Tidal: Raising Awareness for Impoverished Artists

Meet Shawn. Shawn has had his world shaken, and his community destroyed, by the natural disaster of free music streaming. Happening a mere few years after the digital market put a strangled hold on his people, this man raised in the projects of Brooklyn (actually, I think he lives in Beverly Hills now but let’s not split hairs), is financially struggling to support his wife and children. Look, him and his wife don’t even have a proper house. They live on a boat.


For just $20 a month you can sponsor Shawn or one of his deprived friends by supporting Tidal. Tidal is a new music streaming service that promises peerless sound quality only noticeable through those $300 headphones you can obviously afford if you’ve got $20 a month to spend on streaming music.

Please help these tired, hungry millionaires from having to get their Lobster shipped in from The Gulf of Mexico instead of Maine. For details please see the video below.

Seriously though, take a look at that press conference. They’re deprived alright, but what I think they’re deprived of is a world perspective that can’t be seen through the dark tint of a limo window. Do they really think that the world will fall at their feet and pay twice as much to listen to the music of the world’s most elite artists?

So, eighteen of the world’s richest performers call together a media announcement to publicise their new, artist owned streaming venture under Jay-Z’s banner. I get that. What I don’t get is the rhetoric surrounding it. Apparently this service isn’t about sticking the middle finger up at Spotify, who have been shafting artists for years, but about “preserving the importance of music.” As if, a: that was ever in danger, and b: recruiting Nicki Minaj and the guys who wrote the soundtrack to Tron: Legacy is the only thing that could save it.

Alicia Keyes (the voice of the event) then started quoting Nietzsche and Jimmy Hendricks. Now, I love the afro rocking, guitar god just as much as anyone with a taste in good music, but he was prone to a little of the old spiritual, hippy bullshit. When he said that “If there is something to be changed in this world, then it can only happen through music,” he was likely drinking the same batch of Jim Jones’ Kool-Aid as the rest of the flock in this video.

To be fair, Keyes does say that this is a little bit of an exaggeration. But then, she goes back on her own sensible words. Music dosen’t create social and political upheaval; political activism and slow, legislative progress creates change. Each movement may have had its own soundtrack, but I’ll hazard a guess that it was Marin Luther King and Reverend Jesse Jackson doing most of the heavy lifting to get civil rights going, not Bob Dylan or James Brown.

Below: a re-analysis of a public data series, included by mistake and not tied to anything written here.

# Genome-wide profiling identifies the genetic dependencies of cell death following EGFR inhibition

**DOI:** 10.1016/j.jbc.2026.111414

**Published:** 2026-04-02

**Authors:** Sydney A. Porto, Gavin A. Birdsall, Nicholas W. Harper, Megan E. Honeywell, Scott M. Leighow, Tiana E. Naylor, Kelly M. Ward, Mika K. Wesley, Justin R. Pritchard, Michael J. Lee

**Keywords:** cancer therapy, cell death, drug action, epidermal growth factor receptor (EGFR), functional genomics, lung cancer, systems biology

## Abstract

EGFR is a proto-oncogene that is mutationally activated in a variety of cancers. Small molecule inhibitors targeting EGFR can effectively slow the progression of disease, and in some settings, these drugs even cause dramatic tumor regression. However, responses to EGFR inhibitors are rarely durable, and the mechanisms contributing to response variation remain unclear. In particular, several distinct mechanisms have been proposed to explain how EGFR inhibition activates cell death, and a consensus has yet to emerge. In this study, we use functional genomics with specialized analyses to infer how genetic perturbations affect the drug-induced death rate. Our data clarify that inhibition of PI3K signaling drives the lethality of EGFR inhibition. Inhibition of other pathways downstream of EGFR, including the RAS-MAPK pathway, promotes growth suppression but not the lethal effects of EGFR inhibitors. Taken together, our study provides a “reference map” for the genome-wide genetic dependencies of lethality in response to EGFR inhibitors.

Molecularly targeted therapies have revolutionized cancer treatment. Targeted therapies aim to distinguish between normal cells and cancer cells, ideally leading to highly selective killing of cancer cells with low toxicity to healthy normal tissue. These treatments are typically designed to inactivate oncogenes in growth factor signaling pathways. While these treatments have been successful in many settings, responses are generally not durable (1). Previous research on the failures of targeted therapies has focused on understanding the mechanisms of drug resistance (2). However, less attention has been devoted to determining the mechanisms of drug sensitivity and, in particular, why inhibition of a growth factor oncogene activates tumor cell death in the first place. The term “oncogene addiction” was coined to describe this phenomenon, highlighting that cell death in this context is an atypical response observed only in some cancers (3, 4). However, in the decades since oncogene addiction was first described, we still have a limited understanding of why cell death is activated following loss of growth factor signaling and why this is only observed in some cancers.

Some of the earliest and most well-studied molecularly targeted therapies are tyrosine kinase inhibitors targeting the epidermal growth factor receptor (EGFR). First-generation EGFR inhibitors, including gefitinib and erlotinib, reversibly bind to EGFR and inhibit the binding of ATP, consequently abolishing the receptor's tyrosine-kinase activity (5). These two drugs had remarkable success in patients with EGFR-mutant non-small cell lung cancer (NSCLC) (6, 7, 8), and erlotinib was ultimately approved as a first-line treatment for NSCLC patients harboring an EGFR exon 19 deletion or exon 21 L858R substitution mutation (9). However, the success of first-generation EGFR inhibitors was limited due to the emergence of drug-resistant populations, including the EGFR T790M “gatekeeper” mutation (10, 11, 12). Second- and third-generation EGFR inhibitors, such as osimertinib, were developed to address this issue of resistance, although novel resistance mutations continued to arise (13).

Speaking of MLK, after hearing the rhetoric Keyes was using in her speech, I think that she probably watched Selma a few too many times before writing it. The narrative being told that night was like the pinnacle of every bad Silicon Valley keynote ever, where they paint the homogenisation of our culture as the banner under which all human beings will unite. The artists even took a moment to all symbolically sign their fealty to the cause. And we all know how American’s feel about pieces of paper signed by prestigious members of the upper classes.

There is even a hashtag that’s been started by these guys called #TIDALforALL. Too bad most of them avoided the Ferguson inspired #BlackLivesMatter like the plague. It’s especially bad when Tidal isn’t even for all, but for the privileged few who can afford such luxury. That is a concept counter- productive to social progress.

Everything about the press conference was so other worldly. The worse thing was though, it wasn’t like they were trying to get us to swallow bullshit. It’s rather like they’ve been persuaded that the bullshit is delicious, and that sharing is an unequalled act of generosity.

But it doesn’t stop it being bullshit. The two biggest selling points of the service is the quality of the audio and the financial support the artists creating the music recieve. They even have a test on their website to showcase the improvement in sound fidelity. But I couldn’t tell the difference. I wasn’t exaggerating earlier when I said that you’d need $300 headphones to get the benefit.

As for whole “giving back to the artist” deal, not a single person on stage earns less than $5,000,000 a year. It’s hardly a desperate cause. Also, I wouldn’t be surprised to hear in a few months’ time that Tidal is a pyramid scheme that pays dividends to established artists and leaves the new or less commercially viable ones out in the cold.

Tidal doesn’t provide a musical revolution, nor does it provide any real solution to problems within the now digital based music industry. Tidal only serves to expose the ignorance of multimillionaires who believe that their work is worth more than the already disproportionate amount of money it makes them. They could have used this meeting for so much more than peddling a premium streaming service, and, sadly, even if they did now use their voices for positive change, who in their right mind would listen to them?